With the advent of modernity, the questions on which philosophers and religious thinkers had been reflecting for centuries underwent a dramatic and unprecedented change. For over a thousand years, the existence of God and the importance of religion had gone unquestioned in the Western world. Any discussion was confined to the best ways of understanding and putting into practice a religious truth that had already been revealed.
Acclaimed humanities teacher Phillip Cary explores thousands of years of deep reflection and brilliant debate over the nature of God, the human self, and the world. It's a debate that serves as a vivid introduction to the rich and complex history shared by the West's central religious and philosophical traditions.
Famed for great thinkers, poets, artists, and leaders, ancient Greece and Rome were also home to some of the most creative engineers who ever lived. Many of their feats have survived; others have disappeared into the mists of time. But modern research is shedding new light on these renowned wonders—impressive buildings, infrastructure systems, and machines that were profoundly important in their own day and have had a lasting impact on the development of civilization.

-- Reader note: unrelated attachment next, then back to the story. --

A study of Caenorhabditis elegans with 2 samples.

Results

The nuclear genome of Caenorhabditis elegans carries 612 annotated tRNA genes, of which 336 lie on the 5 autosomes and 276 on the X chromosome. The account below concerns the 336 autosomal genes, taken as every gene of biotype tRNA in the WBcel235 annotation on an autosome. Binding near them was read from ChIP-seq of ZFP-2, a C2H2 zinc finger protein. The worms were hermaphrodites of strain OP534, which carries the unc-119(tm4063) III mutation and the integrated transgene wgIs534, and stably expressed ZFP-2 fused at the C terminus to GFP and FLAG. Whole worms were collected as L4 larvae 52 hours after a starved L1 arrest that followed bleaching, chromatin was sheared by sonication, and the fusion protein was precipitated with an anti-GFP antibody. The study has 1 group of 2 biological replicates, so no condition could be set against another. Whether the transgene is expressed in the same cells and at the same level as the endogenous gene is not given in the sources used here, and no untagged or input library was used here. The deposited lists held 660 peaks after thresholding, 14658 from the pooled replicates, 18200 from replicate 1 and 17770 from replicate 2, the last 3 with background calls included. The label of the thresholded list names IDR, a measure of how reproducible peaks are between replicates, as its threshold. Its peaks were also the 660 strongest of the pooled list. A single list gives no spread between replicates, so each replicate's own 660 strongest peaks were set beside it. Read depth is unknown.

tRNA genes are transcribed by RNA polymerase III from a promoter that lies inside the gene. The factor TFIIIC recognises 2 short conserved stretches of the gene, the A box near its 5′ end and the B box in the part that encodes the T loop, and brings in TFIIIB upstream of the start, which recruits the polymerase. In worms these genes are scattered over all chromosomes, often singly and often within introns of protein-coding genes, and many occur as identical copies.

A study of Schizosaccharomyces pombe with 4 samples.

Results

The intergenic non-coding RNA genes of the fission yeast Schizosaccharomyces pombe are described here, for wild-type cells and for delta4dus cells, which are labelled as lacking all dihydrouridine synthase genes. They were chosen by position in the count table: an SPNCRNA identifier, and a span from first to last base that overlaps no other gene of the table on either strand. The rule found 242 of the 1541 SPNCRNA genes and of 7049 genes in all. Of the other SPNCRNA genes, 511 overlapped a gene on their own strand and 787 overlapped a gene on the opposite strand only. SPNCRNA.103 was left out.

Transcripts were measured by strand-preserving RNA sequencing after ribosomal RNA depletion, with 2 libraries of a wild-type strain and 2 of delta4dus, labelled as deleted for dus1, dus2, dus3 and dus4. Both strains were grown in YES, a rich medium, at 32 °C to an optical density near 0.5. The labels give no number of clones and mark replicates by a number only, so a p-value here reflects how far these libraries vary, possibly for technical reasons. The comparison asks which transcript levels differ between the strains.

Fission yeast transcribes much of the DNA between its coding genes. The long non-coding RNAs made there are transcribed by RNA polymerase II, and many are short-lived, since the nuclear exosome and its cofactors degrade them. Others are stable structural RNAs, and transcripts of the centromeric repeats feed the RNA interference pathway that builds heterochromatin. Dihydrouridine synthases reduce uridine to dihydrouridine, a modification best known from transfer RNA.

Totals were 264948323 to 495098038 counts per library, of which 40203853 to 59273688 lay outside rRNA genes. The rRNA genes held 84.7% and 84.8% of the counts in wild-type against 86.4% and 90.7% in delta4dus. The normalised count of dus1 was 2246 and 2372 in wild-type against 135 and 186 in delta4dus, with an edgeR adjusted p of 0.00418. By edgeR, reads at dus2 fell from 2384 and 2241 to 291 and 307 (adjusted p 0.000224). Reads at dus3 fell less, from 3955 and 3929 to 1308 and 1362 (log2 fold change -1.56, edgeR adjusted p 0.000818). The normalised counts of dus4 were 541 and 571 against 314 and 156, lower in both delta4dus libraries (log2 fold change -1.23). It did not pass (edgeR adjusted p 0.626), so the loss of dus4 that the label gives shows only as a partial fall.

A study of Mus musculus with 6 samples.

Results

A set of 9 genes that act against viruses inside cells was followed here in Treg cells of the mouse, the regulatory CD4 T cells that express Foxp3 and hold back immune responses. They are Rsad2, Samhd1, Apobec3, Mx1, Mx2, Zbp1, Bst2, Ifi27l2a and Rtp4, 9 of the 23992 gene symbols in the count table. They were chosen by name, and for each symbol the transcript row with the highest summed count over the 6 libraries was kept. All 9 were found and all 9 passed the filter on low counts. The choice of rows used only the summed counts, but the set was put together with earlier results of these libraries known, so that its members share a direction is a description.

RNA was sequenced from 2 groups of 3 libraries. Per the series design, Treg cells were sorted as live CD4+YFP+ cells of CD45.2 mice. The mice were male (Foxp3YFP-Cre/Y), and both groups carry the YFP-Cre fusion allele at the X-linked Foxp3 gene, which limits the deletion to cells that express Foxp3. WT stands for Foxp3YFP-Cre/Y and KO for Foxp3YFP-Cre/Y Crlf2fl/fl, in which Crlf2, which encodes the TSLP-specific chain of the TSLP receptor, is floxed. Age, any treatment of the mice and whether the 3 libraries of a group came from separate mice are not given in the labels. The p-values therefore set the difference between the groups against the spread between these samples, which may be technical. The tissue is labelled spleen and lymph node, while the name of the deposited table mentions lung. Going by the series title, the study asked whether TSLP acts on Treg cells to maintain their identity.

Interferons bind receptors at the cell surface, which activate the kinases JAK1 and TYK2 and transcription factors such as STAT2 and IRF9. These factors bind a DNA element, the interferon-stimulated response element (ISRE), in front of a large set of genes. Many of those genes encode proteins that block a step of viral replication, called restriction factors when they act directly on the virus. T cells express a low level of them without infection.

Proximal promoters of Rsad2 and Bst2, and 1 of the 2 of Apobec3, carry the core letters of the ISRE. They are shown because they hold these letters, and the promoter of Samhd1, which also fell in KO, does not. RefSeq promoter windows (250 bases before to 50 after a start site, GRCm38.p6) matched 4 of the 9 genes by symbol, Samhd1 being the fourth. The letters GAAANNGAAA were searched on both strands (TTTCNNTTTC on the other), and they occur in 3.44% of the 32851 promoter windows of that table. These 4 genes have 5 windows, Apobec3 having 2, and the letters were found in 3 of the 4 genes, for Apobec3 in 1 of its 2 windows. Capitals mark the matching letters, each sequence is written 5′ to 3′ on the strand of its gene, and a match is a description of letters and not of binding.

When does the Jewish Sabbath begin? Who are Vishnu and Shiva? What are Buddhism's Four Noble Truths? What are the Five Pillars of Islam? These questions are more than an academic exercise. Religious belief has been innate to humans everywhere and in every age, from the time of the Neanderthals to the 21st century. It's also one of the strongest motivators of human behavior and has a profound impact on all aspects of our culture—our spiritual beliefs, our rituals, our politics, and the very foundations of our democracy.
We all use language every day of our lives. Language, regardless of the particular dialect spoken, is the tool we use to express our wants, our needs, and our feelings.